Nuu-chah-nulth Nation representatives are working with delegates from a number of Pacific coast First Nations in an effort to strengthen one another’s co-governance negotiations with Crown agencies on proposed Marine Protected Areas (MPA) in the Nations’ traditional territories.
“While MPAs are not First Nation creations, we can use them as anopportunity to protect what is important to us and can also work with DFO [Fisheries and Oceans Canada] for co-governance,” said Kekinusuqs, Judith Sayers, President of the Nuu-chah-nulth Tribal Council.
According to the International Union for the Conservation of Nature / World Commission on Protected Areas, MPAs are a ‘clearly defined geographical space recognized, dedicated and managed, through legal or other effective means, to achieve the long-term conservation of nature with associated ecosystem services and cultural values.’
Under Canadian Law, an MPA designation protects defined marine areas from oil and gas exploration, fish bottom trawling and dumping. However, an MPA designation still allows for some types of activity to occur in them such as fishing, depending on the structure of the MPA.
In 2010, Canada agreed to an international target of conserving 10 per cent of coastal and marine areas by 2020 (as a participant in the Meeting of the Conference of the Parties of the United Nations Convention on Biological Diversity), and since then, 14 MPAs have been established in Canadian waters. Work on the designation of more proposed MPAs continues, one of which is a 133,000 square-kilometre area of interest offshore of west coast Vancouver Island.
On November 26 and 27, 2019, Nuu-chah-nulth representatives met with members of 16 First Nations and First Nations organizations in Nanaimo for a two-day MPA Co-Governance Workshop to discuss the Nations’ involvement in the managing of MPAs in their traditional territories. The objective of the workshop was to establish First Nations-determined standards and expectations for MPA co-governance.
“When First Nations have an opportunity to look at tools like MPAs through an Indigenous lens, without having to worry about government agendas, we can start to see the potential for how they can help with some of the many challenges our communities face, for instance, protecting valued marine habitats that are difficult to look after through conventional fisheries management measures,” said Eric Angel, Uu-a-thluk Program Manager and member of the workshop organizing team.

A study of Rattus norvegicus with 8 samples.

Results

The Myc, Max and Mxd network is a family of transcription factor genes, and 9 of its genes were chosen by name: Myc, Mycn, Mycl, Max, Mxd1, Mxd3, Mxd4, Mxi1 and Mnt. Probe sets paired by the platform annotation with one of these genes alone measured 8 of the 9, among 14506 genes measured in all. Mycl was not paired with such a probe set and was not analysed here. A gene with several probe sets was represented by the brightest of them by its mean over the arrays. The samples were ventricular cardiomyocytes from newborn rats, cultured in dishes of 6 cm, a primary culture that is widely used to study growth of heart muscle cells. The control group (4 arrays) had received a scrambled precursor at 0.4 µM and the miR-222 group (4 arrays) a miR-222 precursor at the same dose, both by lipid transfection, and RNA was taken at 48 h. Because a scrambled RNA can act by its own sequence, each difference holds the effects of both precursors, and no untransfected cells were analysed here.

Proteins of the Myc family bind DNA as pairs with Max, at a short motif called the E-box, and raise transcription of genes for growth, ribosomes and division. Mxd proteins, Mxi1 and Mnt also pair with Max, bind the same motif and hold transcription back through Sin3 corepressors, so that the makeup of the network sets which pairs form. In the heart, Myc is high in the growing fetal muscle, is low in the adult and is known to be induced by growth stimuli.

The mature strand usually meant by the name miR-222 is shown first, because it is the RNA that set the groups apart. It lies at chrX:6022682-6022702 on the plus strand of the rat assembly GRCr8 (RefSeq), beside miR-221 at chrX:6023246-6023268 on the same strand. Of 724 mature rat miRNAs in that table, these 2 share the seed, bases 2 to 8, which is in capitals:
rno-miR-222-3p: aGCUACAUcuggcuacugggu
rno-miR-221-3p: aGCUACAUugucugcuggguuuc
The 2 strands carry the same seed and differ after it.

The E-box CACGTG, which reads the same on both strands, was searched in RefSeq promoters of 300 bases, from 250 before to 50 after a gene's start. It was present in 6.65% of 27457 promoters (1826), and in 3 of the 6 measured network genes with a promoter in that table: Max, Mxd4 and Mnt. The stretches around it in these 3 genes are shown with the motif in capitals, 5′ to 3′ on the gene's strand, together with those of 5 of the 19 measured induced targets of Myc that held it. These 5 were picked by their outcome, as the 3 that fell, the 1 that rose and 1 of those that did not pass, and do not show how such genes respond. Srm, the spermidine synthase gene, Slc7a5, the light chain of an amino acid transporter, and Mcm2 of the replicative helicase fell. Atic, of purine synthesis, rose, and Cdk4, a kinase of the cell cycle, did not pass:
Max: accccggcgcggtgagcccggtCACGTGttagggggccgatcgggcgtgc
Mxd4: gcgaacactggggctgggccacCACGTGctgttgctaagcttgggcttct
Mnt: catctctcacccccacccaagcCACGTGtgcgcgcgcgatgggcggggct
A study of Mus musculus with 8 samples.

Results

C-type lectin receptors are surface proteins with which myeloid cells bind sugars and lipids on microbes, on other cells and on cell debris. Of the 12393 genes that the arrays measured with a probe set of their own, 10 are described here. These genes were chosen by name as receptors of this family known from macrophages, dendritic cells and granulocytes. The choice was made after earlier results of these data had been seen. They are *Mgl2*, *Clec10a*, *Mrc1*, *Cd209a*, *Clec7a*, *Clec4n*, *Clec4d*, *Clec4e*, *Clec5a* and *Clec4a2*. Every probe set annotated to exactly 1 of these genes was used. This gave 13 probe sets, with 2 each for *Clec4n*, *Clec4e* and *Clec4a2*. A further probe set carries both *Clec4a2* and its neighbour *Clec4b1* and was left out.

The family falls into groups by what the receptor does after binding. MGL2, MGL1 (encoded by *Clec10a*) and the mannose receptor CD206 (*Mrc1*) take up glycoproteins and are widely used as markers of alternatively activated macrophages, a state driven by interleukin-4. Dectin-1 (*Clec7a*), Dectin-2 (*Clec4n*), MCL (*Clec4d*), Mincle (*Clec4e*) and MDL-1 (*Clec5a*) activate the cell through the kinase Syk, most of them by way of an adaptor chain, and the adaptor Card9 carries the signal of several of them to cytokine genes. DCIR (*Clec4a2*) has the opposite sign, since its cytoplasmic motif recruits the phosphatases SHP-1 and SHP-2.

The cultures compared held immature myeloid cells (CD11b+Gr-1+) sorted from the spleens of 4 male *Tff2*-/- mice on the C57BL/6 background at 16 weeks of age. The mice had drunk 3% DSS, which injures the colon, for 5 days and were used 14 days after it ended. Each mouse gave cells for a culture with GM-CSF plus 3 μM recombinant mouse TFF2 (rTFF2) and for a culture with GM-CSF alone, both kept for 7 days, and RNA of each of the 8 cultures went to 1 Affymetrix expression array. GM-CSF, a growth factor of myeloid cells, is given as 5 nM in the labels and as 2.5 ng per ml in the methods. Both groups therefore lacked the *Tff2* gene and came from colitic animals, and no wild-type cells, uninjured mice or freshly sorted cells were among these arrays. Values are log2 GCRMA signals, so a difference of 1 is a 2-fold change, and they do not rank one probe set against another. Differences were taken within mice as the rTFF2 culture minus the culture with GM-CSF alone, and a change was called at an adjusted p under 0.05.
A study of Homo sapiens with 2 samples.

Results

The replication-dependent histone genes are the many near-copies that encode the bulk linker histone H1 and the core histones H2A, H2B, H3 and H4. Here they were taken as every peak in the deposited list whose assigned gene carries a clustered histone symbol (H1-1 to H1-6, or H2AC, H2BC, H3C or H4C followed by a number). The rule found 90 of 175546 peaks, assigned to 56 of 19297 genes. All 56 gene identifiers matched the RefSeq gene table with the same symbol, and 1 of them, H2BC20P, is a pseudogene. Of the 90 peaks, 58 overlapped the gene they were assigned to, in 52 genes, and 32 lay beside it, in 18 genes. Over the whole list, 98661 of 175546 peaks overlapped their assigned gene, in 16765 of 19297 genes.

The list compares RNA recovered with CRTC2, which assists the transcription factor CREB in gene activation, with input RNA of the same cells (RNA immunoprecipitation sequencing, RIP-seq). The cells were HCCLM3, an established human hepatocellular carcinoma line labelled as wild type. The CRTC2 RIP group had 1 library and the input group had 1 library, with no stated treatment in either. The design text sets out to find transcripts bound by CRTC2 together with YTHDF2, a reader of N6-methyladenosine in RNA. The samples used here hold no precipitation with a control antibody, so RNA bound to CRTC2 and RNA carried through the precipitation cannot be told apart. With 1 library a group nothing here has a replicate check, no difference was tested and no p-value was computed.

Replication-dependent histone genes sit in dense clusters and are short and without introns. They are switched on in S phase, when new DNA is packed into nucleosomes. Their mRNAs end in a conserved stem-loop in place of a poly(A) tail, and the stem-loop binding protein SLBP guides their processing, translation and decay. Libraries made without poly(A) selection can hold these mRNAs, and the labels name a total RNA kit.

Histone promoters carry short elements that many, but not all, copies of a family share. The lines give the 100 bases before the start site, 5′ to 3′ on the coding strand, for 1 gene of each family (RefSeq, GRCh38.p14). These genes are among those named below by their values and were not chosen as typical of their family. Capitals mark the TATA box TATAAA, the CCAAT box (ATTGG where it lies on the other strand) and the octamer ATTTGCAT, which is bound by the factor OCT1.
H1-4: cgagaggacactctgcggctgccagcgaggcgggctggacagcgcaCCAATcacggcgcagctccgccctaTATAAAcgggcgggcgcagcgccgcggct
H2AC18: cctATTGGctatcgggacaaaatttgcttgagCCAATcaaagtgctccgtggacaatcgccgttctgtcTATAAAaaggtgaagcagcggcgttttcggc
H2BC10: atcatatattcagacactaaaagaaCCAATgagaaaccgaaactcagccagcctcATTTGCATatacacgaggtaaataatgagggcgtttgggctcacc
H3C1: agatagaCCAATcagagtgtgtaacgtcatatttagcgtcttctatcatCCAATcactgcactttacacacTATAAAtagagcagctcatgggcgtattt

Over the course of the two-day workshop, attendees from First Nations including Ditidaht, Ahousaht, Pacheedaht, Metlakatla, Quatsino, Haida and others shared first-hand experiences with MPA governance processes (including culturally significant elements) and took part in breakout working groups that focused on five key elements of MPA co-governance: agreements, designations, management planning, operations and fiscal sustainability.
Workshop attendees noted that capacity was an over-arching theme across all of the breakout groups, and recommended a tool be developed to assess any First Nation’s readiness to participate in an MPA process (and to isolate areas where capacity building is required). The use of existing co-governance agreements between First Nations and Crown governments was identified as a valuable way of building on the experiences of others (for example, the SGaan Kinghlas – Bowie Seamount MPA Management Plan between the Haida Nation and Government of Canada), though members also noted that co-governance is largely uncharted water that requires continued learning and creativity.
“First Nations need to have a working relationship with DFO and ensure they recognize our territories and know they must work with us because of our title to lands and waters. First Nations must also have the capacity to negotiate agreements and have established standards and principles for co-governance,” said Sayers.
Uu-a-thluk has hired a Marine Steward Coordinator, Danielle Burrows, to support Nuu-chah-nulth Nations in the areas Sayers describes above. Burrows joined Uu-a-thluk in October 2019 and has focused on the planning of the MPA Co-Governance Workshop, as well as researching Indigenous co governance of MPAs. She will coordinate Nuu-chah-nulth input to DFO on the establishment of the MPA and will also assist with the MPA naming process between Nuu-chahnulth, Haida, Pacheedaht and Quatsino First Nations.
The next step is a gathering of Nuu-chah-nulth, Haida, Pacheedaht and Quatsino leaders and technical staff to discuss Indigenous co-governance of the proposed MPA off the west coast of Vancouver Island; the Oceans Dialogue Forum will take place on Haida Gwaii in May.